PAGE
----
Warren Beatty Joins Best Actor Race With Colorful ‘Rules Don’t Apply’ Performance

Kristopher Tapley
Variety

We’ve already covered how this year’s lead actor race is pretty fluid once you get beyond powerhouse work from Denzel Washington (“Fences”) and Casey Affleck (“Manchester by the Sea”). There are slots to fill, and even for a film like Warren Beatty’s “Rules Don’t Apply” — a Howard Hughes yarn that doesn’t fully work and feels like a much bigger idea haphazardly whittled down — there’s room to maneuver.

Beatty’s film opens AFI Fest Thursday night, adding the 13-time Oscar nominee to this year’s awards equation. And don’t snooze on him — this performance could absolutely land a nomination. It’s a fairly mannered portrayal, flashy at points and “big” throughout, with Beatty leaning in on all of Hughes’ notorious quirks. It ought to be a solid bet for Golden Globe recognition, particularly if the Hollywood Foreign Press Assn. agrees with Fox’s comedy placement, and from there, who knows?

Each of the four films Beatty has directed have landed at least one Oscar nomination. Indeed, he came out with a bang in 1978 with “Heaven Can Wait,” nabbing four nominations for himself alone (for picture, director, actor and screenplay). He was the first person to pick up that quartet in one year — and then he did it again three years later with “Reds.”

“Dick Tracy” in 1990 landed seven nominations and three wins, mostly in below-the-line categories, while “Bulworth” eight years later secured an original screenplay nomination.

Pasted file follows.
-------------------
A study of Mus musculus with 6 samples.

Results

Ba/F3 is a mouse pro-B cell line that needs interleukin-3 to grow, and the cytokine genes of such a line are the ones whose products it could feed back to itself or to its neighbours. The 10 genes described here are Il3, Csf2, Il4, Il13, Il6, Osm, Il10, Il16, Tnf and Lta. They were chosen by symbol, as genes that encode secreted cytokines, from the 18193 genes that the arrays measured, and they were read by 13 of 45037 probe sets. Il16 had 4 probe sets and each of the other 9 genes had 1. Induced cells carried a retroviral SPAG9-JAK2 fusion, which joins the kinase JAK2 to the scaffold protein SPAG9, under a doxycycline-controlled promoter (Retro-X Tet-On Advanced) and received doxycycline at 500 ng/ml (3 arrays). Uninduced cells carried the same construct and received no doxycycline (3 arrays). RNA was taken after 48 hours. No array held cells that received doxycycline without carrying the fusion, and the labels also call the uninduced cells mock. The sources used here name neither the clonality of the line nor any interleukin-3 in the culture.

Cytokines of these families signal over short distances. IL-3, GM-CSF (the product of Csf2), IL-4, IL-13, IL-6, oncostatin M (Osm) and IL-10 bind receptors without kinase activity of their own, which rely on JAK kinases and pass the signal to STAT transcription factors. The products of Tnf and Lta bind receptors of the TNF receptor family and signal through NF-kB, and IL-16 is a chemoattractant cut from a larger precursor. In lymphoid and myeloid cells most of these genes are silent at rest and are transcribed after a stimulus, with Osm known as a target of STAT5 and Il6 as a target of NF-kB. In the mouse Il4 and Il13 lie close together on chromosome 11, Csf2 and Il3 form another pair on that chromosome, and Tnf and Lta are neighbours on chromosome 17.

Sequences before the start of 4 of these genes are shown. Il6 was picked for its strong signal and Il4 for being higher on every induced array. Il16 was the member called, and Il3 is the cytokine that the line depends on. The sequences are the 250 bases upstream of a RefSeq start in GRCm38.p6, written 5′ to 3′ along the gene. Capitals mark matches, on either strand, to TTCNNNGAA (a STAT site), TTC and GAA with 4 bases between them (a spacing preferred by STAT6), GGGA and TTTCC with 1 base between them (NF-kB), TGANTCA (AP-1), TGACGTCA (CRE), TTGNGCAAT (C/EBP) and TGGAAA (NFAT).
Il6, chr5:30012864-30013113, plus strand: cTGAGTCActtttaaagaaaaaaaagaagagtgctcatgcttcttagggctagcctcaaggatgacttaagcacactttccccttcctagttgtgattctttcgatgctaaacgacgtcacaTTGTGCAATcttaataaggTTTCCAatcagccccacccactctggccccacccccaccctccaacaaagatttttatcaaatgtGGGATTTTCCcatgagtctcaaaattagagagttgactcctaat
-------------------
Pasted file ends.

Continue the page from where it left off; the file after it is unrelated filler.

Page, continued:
While “Rules Don’t Apply” pales to Beatty’s previous work, it’s nevertheless a film in a traditionalist vein that might appeal to Academy voters. Craft elements could find traction, particularly Caleb Deschanel’s lensing, Jeannine Oppewall’s production design and Albert Wolsky’s costumes — legends all.

But Beatty draws the eye when he’s on screen, even and particularly when he’s shrouded in shadow for much of his early scenes. He’s adamant that the film isn’t a biopic, but it basically is, and early efforts to position him for a supporting campaign hit the skids when industry audiences first saw the film last month.

So keep an eye out. It’s been 18 years since Beatty was in the director’s chair and Hollywood loves a comeback. “Rules Don’t Apply” presents a unique, if imperfect, opportunity to recognize one this year.